DirecTV and the Lakers have come to a deal to carry the exorbitantly-priced Time Warner network. The Pac-12 Network remains in the dark. The Pac-12 isn't terribly pleased with the situation and seems to be plenty confused.
DirecTV’s decision to carry Time Warner Cable’s SportsNet this week sends another mixed signal to Pac-12 fans, particularly those in Southern California. They cited that Lakers fans were the reason they added the network. Meanwhile, Pac-12 fans, despite continuous demands for the content they want, have been shut out. There is no denying that the Lakers, USC and UCLA are iconic brands with extremely passionate fans bases.
With the Laker channel, it seemed almost every other major Los Angeles cable carrier signed up for the service. Thus, there was a SERIOUS chance that many DirecTV subscribers who are Laker fans who wanted to defect to a carrier with the channel could very well do so.
The Pac-12 Network continues to ask for a paltry sum compared to what the Lakers demanded. Time Warner Cable's Sports Net channel had a demand of about $3-$4 per subscriber per month, similar to what YES (the Yankees cable provider) asks from its customers. The Pac-12 is asking for only a fraction of that price from their subscribers, and I very much doubt that demand for the Laker network is three to four times the price.
Again, this seems to be a situation where DirecTV wants to bargain their subscribers down based on regional demand. Time Warner Cable probably had to bargain down their price to get DirecTV to the table, something that the Pac-12 is not willing to do. The Pac-12 wants to ensure its pricing structure remains fair across the board to all of their cable and satellite subscribers and that not one carrier gets a better deal than anyone else. It's a plan that Dish and most of the major cable providers in the country has been quite happy with running with for the past few months.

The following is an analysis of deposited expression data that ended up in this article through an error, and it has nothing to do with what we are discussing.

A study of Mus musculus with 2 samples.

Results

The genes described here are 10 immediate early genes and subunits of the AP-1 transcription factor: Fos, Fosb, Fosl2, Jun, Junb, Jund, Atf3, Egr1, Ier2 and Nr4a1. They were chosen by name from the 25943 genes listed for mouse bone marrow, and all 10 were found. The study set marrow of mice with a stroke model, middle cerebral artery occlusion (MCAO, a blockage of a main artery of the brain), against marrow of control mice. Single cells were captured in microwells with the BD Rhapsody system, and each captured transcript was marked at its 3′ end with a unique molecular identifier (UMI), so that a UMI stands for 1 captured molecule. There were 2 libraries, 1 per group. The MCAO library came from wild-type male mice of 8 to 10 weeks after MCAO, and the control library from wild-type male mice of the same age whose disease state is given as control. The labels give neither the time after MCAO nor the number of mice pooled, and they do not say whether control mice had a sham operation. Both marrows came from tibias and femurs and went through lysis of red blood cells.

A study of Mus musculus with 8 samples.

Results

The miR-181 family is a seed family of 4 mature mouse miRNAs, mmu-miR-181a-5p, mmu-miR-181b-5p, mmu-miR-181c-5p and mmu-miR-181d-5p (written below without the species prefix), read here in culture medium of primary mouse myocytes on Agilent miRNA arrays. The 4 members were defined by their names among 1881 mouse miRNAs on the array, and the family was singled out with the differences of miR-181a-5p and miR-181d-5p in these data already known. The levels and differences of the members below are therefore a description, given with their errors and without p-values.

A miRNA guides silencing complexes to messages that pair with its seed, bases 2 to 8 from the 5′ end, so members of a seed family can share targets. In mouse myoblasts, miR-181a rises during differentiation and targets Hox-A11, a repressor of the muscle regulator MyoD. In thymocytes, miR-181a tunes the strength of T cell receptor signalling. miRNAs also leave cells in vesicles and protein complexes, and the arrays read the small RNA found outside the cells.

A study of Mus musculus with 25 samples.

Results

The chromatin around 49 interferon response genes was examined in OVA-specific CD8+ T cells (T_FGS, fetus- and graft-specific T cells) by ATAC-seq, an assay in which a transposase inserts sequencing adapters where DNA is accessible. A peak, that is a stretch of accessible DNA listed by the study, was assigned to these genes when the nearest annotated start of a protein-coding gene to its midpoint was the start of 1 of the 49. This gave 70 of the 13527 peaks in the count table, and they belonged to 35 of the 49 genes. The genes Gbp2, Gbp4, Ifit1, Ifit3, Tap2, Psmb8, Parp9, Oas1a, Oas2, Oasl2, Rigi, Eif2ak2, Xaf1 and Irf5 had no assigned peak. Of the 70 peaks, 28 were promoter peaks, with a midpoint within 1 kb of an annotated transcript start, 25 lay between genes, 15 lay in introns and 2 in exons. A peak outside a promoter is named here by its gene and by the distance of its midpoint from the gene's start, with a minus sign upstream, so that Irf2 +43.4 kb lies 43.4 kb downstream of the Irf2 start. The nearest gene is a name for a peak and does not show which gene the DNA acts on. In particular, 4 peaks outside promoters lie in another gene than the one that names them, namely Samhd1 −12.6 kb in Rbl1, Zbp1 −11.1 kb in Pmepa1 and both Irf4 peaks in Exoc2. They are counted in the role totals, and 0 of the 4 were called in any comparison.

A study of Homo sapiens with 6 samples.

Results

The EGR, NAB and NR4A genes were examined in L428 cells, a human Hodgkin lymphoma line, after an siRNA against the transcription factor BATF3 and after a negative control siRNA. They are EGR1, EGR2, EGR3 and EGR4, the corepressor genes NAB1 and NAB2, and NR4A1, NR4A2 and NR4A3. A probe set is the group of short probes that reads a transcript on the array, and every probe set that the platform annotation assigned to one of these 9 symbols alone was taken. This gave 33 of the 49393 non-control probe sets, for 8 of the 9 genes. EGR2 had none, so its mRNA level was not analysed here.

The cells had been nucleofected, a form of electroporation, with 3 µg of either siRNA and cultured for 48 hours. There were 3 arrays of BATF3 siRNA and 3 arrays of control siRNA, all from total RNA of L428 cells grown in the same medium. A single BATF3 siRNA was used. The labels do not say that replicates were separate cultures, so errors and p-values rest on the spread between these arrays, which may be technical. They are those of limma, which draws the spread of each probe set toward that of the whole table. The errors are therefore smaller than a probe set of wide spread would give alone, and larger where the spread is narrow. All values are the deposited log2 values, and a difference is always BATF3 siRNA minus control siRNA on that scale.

If I had to guess, DirecTV is going to hold out for as long as possible before coming to an arrangement to carry the Pac-12 Network. By "as long as possible", I mean that DirecTV is going to have to hemorrhage customers or face incredible fire regionally. The Pac-12 Network isn't quite as saturated in the big cities (particularly Los Angeles), which probably means that there isn't enough means or ability for fans to defect on a regional scale as the Lakers fans, which means there probably won't be quite as many losses.
Which isn't to say that USC football or UCLA basketball fans aren't going to demand their sports. But passing up on over 50 Lakers games is a bit much compared to a handful of UCLA hoops or USC football contests that can otherwise be viewed through alternative carriers. DirecTV probably knew they would lose customers much faster to Laker alternatives, and got to the table a bit quicker than they would with the Pac-12 Network.
Right now, the Pac-12 Network has to hold their line and wait for more carriers to sign up, particularly the telecos like Verizon FiOs and AT&T U-Verse. Either one of those two coming to the table would be a huge step forward (particularly U-Verse) because it would further saturate the market with alternatives. Demand would have to be limited. It's one of those things that just requires patience.
The situation is the same: All you can do is demand the Pac-12 Network if you're a DirecTV customer, or look for alternatives if you can't. Start with the Pac-12 Channel Finder and go from there.